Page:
Granville Then & Now – Telescope parking lot finished

By Erik Pekar, Town Historian

The Telescope parking lot project has finished. This was the third improvement project begun at Telescope within the past couple of years, after the mural project and the repainting of the water tower. The parking lot work began on July 19. The old pavement was torn out. While the pavement was out, some water lines were replaced as preventative maintenance. The new parking lot was graded, and then curbed. Concrete cylinders were placed for lighting. The signs were put up the week of Aug. 26. The parking lot was paved with a first layer on Aug. 30, and a final layer the next day. The grass sod beds was placed on Sept. 1. A few trees and shrubs were placed on Sept. 2, and the parking lot markings were painted the same day.

The new parking lot has a main area with two access points to Church Street, both allowing entering and exiting. There is also a third access point to the south, entrance only, that goes around the water tower to the main parking lot area. The parking lot is lit with lighting fixtures. The new parking lot is a major improvement.



A dinner was held, after which town supervisor Hugh Williams was called upon to speak about the WPA work being done then in the town of Granville. Williams noted the cost of WPA projects are paid 25% by the town and 75% by the administration.

Supervisor Williams thanked state administrator Lester Herzog for helping with the continuation of WPA work in Granville. He also noted that private industry could hire from WPA rolls, providing that the worker had matching skills, but that the industry would have to pay the WPA minimum wage for labor of $11.10 per week.

At the time of the meeting 408 families were on home relief, and the town of Granville was working to reduce that number. It was $460 then, while some years earlier it had been at $5,000.

Williams also noted that a new storehouse was to be built in the town of Granville on a lot just south of the Jay Gould farm on the Middle Granville road, for a cost of $16,000. Early plans called for the town to pay $7,000 toward construction, but the town board negotiated the town cost down to $5,000. Regarding the quality of construction, Williams said, “I expect the building to last for 200 years.” The storehouse still stands today, used for the Granville town highway department.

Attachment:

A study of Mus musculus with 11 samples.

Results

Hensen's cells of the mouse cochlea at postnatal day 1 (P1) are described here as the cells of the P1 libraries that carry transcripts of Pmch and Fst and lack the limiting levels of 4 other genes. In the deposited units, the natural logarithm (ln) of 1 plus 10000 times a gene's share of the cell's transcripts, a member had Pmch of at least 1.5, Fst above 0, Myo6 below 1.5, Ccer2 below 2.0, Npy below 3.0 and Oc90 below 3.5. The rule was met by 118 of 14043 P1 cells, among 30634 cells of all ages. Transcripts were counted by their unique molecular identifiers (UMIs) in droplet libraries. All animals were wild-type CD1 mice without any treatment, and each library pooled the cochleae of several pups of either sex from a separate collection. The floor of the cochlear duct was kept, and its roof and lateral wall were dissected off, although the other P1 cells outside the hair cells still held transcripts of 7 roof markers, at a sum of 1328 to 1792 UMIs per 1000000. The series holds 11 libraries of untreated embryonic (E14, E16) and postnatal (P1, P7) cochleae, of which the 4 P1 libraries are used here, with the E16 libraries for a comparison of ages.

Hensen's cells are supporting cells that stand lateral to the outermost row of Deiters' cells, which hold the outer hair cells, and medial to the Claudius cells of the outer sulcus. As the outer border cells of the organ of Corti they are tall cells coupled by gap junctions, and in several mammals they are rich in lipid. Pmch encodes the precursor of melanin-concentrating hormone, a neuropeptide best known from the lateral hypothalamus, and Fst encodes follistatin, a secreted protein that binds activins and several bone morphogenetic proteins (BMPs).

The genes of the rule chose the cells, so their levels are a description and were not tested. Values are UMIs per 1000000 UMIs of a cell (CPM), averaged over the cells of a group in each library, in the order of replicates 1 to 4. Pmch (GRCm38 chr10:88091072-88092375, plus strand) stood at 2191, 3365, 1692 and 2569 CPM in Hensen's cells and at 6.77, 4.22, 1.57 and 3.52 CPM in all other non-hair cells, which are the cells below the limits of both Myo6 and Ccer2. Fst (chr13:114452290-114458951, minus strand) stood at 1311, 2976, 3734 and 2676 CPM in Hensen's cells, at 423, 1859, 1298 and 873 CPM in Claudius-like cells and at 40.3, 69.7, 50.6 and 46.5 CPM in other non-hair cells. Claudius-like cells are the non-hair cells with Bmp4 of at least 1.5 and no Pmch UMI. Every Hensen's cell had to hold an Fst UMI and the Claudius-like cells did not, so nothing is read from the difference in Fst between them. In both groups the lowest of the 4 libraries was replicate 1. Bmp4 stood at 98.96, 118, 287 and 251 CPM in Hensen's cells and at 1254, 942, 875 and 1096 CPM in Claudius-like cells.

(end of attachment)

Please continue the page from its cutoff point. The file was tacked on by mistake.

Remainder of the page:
At the meeting’s close, Rotary Club president William G. Grastorf announced that annual Ladies Night would be held on Sept. 9 at the Half-Way House, Lake George. This location, originally a tavern and later an inn, was a popular stopping place on the road between Glens Falls and Lake George. The inn burned in 1946, after which it was not rebuilt. The inn was located at the hamlet of French Mountain in Queensbury, the corner of Routes 9 and 149. Today the site is occupied by a strip mall, and is one of many comprising the French Mountain Commons shopping area, better known as the “Million Dollar Half-Mile.”

Four “ace” golfers of the Lake St. Catherine Country Club made the cover of the Sept. 11, 1941 Sentinel. They were Michael Jones, M.T. Minogue, Robert Morris and O.P. Williams. The golfers were a “familiar sight” for regular members of the country club, and held records “envied by many a golfer” at the club. Each golfer in this group kept his scores secret until they reached the 18th green, upon which they held ceremonies before finishing the games. The Sentinel noted that “the foursome has been instrumental in stimulating keen competition at the country club.”